The Scottish Government’s paper setting out possible separate treatment for Scotland following Brexit "deserves proper consideration and analysis", according to the Law Society of Scotland.
Yesterday's paper Scotland's Place in Europe (click here for report) called for the UK to remain in the European single market following Brexit, but argued that with UK Government co-operation Scotland could retain such participation even if the rest of the UK withdrew.
While the Prime Minister's immediate response was that her Government would be negotiating a UK approach, and a UK relationship with the EU, the Society's President Eilidh Wiseman said:
“With all the uncertainty that followed the referendum result, the Scottish Government is to be commended for producing a thorough set of options which deserves proper consideration and analysis. Whatever the advantages or disadvantages of the various options, the paper provides an important contribution to the debate on Scotland’s future relationship with our European neighbours.
“The Scottish Government is also right to use this paper to set out how further devolution to the Scottish Parliament may be required. There are particular issues about our legal system and constitutional arrangements which will need careful consideration once EU powers are repatriated. It is clear the Scottish Parliament may need increased devolved powers affecting justice and home affairs, environment law, farming and research.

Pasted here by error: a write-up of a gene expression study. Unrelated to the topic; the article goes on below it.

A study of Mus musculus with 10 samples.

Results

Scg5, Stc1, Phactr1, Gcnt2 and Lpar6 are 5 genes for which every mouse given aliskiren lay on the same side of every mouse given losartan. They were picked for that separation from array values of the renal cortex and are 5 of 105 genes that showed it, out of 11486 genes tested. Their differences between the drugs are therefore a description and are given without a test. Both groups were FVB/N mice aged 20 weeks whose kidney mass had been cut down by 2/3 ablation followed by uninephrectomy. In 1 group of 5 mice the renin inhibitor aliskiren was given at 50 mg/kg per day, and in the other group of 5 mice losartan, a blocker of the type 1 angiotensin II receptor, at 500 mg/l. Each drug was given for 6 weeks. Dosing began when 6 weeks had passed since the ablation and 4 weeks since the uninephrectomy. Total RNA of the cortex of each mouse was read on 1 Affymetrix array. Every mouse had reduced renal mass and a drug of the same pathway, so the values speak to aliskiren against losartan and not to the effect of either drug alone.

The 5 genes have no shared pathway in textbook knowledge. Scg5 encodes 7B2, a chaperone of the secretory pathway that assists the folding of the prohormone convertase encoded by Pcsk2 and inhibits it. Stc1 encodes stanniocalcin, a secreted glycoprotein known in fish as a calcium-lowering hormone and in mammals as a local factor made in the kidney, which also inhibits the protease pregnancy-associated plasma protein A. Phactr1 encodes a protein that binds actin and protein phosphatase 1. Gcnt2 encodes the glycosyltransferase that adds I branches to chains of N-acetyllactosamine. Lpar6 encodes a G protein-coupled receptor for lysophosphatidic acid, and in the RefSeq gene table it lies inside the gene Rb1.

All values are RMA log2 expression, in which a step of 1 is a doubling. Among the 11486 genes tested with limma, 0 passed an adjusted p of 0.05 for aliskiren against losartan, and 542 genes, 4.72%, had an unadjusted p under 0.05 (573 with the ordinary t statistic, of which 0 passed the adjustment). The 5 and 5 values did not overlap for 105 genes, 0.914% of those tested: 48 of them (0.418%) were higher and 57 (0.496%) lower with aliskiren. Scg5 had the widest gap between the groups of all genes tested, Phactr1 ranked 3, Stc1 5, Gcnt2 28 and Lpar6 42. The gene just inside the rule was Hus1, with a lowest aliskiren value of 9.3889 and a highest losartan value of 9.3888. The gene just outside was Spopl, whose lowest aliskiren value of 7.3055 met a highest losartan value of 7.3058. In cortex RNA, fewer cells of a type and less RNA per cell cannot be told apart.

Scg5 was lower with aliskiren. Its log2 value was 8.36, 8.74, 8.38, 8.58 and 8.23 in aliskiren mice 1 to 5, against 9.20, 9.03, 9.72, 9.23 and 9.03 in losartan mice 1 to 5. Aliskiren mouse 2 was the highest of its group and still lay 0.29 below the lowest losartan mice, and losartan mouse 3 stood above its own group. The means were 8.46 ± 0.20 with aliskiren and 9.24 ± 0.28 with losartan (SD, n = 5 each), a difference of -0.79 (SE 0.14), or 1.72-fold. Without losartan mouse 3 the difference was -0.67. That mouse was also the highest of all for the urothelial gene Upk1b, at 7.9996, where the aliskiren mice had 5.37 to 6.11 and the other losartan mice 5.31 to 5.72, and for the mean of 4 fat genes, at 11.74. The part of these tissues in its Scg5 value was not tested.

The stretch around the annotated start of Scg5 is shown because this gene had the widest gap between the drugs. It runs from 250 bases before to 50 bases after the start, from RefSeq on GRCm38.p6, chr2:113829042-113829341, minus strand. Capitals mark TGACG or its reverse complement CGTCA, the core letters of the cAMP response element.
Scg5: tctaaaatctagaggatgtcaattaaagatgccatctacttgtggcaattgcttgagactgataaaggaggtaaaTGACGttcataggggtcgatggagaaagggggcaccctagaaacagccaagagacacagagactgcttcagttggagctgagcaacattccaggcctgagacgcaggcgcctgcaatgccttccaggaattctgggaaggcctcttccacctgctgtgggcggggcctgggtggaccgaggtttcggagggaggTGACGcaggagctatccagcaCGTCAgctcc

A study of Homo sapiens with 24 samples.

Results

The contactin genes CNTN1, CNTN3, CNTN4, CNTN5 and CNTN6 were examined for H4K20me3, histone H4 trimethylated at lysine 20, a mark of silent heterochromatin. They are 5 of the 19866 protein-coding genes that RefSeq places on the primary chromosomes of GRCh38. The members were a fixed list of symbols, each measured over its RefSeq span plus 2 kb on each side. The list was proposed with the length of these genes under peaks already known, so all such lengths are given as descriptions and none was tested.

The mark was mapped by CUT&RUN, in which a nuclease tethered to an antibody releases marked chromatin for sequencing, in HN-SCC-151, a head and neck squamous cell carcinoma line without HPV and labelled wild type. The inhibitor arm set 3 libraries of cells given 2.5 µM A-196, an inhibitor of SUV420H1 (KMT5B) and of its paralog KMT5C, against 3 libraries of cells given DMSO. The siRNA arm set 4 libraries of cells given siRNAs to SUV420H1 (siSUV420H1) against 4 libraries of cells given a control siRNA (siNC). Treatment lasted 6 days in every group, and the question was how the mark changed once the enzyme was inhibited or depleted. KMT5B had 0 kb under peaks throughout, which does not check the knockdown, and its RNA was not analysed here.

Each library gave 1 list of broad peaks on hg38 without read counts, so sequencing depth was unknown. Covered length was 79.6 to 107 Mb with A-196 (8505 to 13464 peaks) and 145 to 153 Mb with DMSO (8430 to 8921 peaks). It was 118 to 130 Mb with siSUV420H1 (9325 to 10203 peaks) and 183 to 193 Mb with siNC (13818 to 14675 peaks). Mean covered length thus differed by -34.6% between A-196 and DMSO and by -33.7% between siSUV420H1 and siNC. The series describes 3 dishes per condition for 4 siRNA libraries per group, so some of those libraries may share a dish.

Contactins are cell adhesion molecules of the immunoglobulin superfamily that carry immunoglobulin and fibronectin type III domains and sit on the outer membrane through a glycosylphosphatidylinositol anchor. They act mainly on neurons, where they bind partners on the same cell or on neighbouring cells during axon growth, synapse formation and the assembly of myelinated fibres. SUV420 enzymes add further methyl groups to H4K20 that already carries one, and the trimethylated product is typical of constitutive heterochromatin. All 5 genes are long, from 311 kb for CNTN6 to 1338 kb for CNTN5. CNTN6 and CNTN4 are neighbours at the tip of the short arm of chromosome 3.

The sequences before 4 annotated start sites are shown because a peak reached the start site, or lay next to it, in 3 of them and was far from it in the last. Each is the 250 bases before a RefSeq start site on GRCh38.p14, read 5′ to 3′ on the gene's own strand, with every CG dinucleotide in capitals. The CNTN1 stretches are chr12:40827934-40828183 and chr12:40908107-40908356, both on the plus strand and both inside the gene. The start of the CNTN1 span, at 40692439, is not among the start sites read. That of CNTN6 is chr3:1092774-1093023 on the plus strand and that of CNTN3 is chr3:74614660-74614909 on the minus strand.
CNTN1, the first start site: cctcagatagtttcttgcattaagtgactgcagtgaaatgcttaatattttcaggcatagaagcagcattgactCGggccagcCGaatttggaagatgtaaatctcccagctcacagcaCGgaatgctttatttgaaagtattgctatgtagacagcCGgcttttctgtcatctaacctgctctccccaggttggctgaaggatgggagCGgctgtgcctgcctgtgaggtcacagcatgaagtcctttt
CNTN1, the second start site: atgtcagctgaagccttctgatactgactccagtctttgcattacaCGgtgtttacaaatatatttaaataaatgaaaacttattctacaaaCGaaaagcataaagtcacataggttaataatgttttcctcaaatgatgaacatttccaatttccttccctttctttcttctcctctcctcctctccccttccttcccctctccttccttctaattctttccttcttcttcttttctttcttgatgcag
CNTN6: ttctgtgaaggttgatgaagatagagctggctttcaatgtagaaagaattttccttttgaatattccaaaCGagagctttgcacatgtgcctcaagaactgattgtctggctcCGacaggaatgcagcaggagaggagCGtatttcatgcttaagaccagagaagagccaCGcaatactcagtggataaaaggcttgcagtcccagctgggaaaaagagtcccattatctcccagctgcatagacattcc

“It is vital for the UK Government to take the views of all devolved administrations into account. Last summer, the Prime Minister said she was committed to ensuring Scotland is fully engaged in UK Government discussions on its future relationship with the EU. We warmly welcomed that approach and the Scottish Government’s new paper certainly provides a basis for what we hope will be a thorough and constructive dialogue between the two administrations.”
The November Journal carried an article by former Scottish Government adviser Professor Jim Gallagher explaining, among other points, how separate immigration arrangements could be made to work in different parts of the United Kingdom – a key component of differing access to the single market.
For the Faculty of Advocates, James Mure QC, convener of the Faculty's’ International Committee, commented more coolly: “The Faculty notes with interest today’s detailed paper from the Scottish Government outlining its proposals for Scotland’s place in Europe. The paper calls for a fundamental review of the devolution settlement; seeks to maintain free trade and free movement within the single market; and looks for clarity on transitional arrangements. As the First Minister says, much will depend on all parties finding the political will to create practical solutions for Scotland. The Faculty and its members will be following developments closely, and will continue to contribute their expertise to the important debate about Scotland’s place in the UK and in Europe.”
Opposition political leaders accused the First Minister of using the issue of the single market in order to manoeuvre towards a second referendum.